Most of us end a year with intentions of how the next year will be our best yet. Many have resolutions from losing weight to saving money to maybe bigger things like buying a house or having a baby. What about our furry family members? They have resolutions too!
Here are the top 5 pet resolutions (from their point of view) of 2017 and our advice on how we can help our pets achieve them.
ONE: “I promise to take my heart-worm and flea/tick prevention regularly and won’t spit it out! I know it helps me in the long run by preventing diseases.”
As a responsible pet parent, parasite prevention including heartworm protection may seem overwhelming. However, recent innovations in the science of heartworm prevention have made it easier than ever to protect your pet from harmful parasites with a single heartworm and flea pill or application. Here is a helpful chart that compares various preventatives. Of course, ask your vet what is best for your pet.
TWO: “I will be more cooperative about getting my teeth brushed.”
Daily (or a minimum frequency three days a week) teeth brushing is the single best (and least costly) way to maintain good oral health. Most dogs will get very comfortable with this once it becomes a routine — some even come to love brushing thanks to flavored toothpastes (cats too!).
THREE: “I will exercise enough for my age and breed to keep me in tip top health!”
Big or small, young or old, dogs need to exercise daily. While some breeds have special needs that have to be taken into account, and dogs do slow down as they age, they still need to take part in some form of daily physical activity. Without activity, your dog will become bored, frustrated and unhealthy. Exercise tones the muscles, helps the body and metabolic system to function properly, and engages the mind.
Though exercise needs are based on a dog’s age, breed, size and overall health, your dog should spend between 30 minutes to two hours on an activity every day. Breeds in the hunting, working, or herding groups (e.g., Labrador retrievers, hounds, collies and shepherds) will need the most exercise. If your dog is in one of these groups and is in good health, she should be getting at least 30 minutes of rigorous exercise along with her 1-2 hours of daily activity. Here is a helpful chart:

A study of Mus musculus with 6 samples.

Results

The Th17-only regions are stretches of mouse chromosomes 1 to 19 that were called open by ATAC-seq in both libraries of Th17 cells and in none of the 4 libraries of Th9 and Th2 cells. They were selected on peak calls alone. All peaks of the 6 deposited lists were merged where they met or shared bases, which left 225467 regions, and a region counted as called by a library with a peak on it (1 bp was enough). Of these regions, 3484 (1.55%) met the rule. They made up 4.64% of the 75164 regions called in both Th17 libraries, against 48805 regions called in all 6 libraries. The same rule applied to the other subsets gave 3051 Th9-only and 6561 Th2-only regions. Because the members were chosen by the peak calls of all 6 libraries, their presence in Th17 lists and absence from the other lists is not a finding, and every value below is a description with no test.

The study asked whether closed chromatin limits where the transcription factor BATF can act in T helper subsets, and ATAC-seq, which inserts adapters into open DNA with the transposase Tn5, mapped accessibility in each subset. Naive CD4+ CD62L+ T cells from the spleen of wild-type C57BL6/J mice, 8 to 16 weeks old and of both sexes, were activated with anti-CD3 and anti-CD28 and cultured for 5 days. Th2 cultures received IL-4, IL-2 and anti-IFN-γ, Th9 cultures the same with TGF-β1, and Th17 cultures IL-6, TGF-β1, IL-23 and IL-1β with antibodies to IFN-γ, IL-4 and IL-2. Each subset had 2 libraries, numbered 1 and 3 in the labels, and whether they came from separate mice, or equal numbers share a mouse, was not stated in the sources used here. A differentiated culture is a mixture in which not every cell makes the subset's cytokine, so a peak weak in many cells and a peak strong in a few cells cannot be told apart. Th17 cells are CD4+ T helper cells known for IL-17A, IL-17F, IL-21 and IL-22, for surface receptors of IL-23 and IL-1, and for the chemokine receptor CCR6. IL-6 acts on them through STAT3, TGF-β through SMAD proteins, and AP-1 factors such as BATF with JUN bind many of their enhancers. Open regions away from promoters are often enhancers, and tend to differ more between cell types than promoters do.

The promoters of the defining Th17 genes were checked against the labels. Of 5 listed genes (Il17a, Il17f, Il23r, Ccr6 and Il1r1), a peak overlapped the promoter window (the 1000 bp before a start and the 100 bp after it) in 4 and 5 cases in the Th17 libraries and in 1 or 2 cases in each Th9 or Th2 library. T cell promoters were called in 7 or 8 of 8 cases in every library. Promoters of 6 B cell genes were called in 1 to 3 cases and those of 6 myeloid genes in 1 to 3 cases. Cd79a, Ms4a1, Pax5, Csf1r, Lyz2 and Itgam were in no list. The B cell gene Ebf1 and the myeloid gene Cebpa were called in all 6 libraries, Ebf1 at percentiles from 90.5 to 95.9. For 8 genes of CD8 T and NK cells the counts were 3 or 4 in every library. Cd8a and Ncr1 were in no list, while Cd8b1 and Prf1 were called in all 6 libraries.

FOUR: “I will work on my leash obedience and focus on my parent when on a walk. I will also not pull so much!”
You might remember our article on harnesses in October, if not, click here. If you have a dog that pulls while walking check out the section on the Easy Walk front clip harness or the Gentle Leader. We NEVER recommend using a choke chain or pinch collar, as this uses pain to reinforce behavior and don’t really work in the long run.
FIVE: “I promise to work on not barking so much when someone rings the doorbell or knocks on the door”
This is a common issue with many dogs. What works best is to not yell and them to stop or be quiet. You must remove a reward from undesirable behavior and you acknowledging them can mistakenly reinforce behavior. Instead try time outs. Give your dog a prompt, such as “ONE MORE” in a firm voice if he/she barks again say “TOO BAD” and put them in the bathroom for 10 seconds. The bathroom is a good space because there are no rewards, no water, beds, toys, etc. Your dog will not want to miss out on what is happening and will learn that “ONE MORE” means they go away and will stop barking. It usually takes about 10 times.
If you have any questions about any of the above, contact us! Good luck and Happy New Year!